Eating meals with family helps adolescents maintain healthy dietary habits

March 13, 2000

Nine to 14 year olds who frequently ate dinner with their families had healthier dietary patterns than those who reported fewer family dinners, according to an article appearing in the March issue of the Archives of Family Medicine, a member of the Journal of the American Medical Association family of journals.

The researchers surveyed 7,525 boys and 8,677 girls aged 9 to 14 years who were the children of participants in the on-going Nurses' Health Study II, to examine the association between frequency of eating dinner with family and measures of diet quality.

The researchers found family dinner to be associated with higher consumption of fruits and vegetables and several beneficial nutrients, including fiber, folate, calcium, iron, vitamins B6, B12, C and E. They also observed lower consumption of saturated fats, soda, fried foods, and foods that raise blood sugar levels. The researchers determined that adolescents who joined their families for meals were not likely to increase potentially harmful intakes of whole dairy foods, snack foods, and red and processed meats.

"Based on the results of this study, health professionals may support the efforts of family members to eat together as a means for improving the quality of diet among older children and adolescents," the authors conclude. The researchers believe that eating family dinners could lead to the consumption of fewer, less healthful ready-made dinners.

This research was supported by grants from the National Institutes of Health, Bethesda, Md., and by Harvard Medical School and the Harvard Pilgrim Health Care Foundation, Boston. Dr. Gillman is a Robert Wood Johnson Generalist Faculty Physician Scholar.
-end-
(Arch Fam Med. 2000;235-240)

To contact lead author Matthew W. Gillman, MD, from Harvard Medical School and Harvard Pilgrim Health Care, Boston, call John Lacey at 617/432-0441. For more information about the journal or to obtain a copy of the study, contact the AMA's Amy Jenkins at (312) 464-4843, or send email to amy_fox@ama-assn.org .

Posted by the Center for the Advancement of Health < http://www.cfah.org >. For information about the Center, call Petrina Chong, < pchong@cfah.org > (202) 387-2829.

Center for Advancing Health

Related Diet Articles from Brightsurf:

What's for dinner? Dolphin diet study
More evidence has emerged to support stricter coastal management, this time focusing on pollution and overfishing in the picturesque tourist waters off Auckland in New Zealand.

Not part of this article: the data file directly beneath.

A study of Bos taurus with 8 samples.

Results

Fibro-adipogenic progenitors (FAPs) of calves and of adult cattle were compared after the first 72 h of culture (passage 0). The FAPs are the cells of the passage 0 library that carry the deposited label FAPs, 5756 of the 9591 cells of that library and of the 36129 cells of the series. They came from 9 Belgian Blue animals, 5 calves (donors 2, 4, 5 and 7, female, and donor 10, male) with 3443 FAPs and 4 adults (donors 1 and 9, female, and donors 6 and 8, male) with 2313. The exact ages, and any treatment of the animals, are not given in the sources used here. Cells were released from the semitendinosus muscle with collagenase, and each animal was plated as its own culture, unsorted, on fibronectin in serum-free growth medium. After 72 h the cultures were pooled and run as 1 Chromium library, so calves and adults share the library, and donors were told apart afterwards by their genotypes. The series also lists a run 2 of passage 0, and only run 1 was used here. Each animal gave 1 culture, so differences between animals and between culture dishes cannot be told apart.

Can your diet help protect the environment?
If Americans adhere to global dietary recommendations designed to reduce the impact of food production and consumption, environmental degradation could be reduced by up to 38%, according to a new paper published in the journal Environmental Justice.

Diet may help preserve cognitive function
According to a recent analysis of data from two major eye disease studies, adherence to the Mediterranean diet - high in vegetables, whole grains, fish, and olive oil -- correlates with higher cognitive function.

Diet quality of young people in US
This observational study used national survey data from young people up to age 19 to estimate the overall diet quality of children and teens in the United States and to explore how diet quality has changed from 1999 to 2016.

The keto diet can lead to flu-like symptoms during the first few weeks on the diet
A ketogenic diet can lead to several flu-like symptoms within the first few weeks on the diet.

Reconstructing the diet of fossil vertebrates
Paleodietary studies of the fossil record are impeded by a lack of reliable and unequivocal tracers.

Your gums reveal your diet
Sweet soft drinks and lots of sugar increase the risk of both dental cavities and inflammation of the gums -- known as periodontal diseases -- and if this is the case, then healthy eating habits should be prioritized even more.

Poor diet can lead to blindness
An extreme case of 'fussy' or 'picky' eating caused a young patient's blindness, according to a new case report published today [2 Sep 2019] in Annals of Internal Medicine.

New research on diet and supplements during pregnancy and beyond
The foods and nutrients a woman consumes while pregnant have important health implications for her and her baby.

Special issue: Diet and Health
Diet has major effects on human health. In this special issue of Science, 'Diet and Health,' four Reviews explore the connections between what we eat and our well-being, as well as the continuing controversies in this space.

Read More: Diet News and Diet Current Events
Brightsurf.com is a participant in the Amazon Services LLC Associates Program, an affiliate advertising program designed to provide a means for sites to earn advertising fees by advertising and linking to Amazon.com.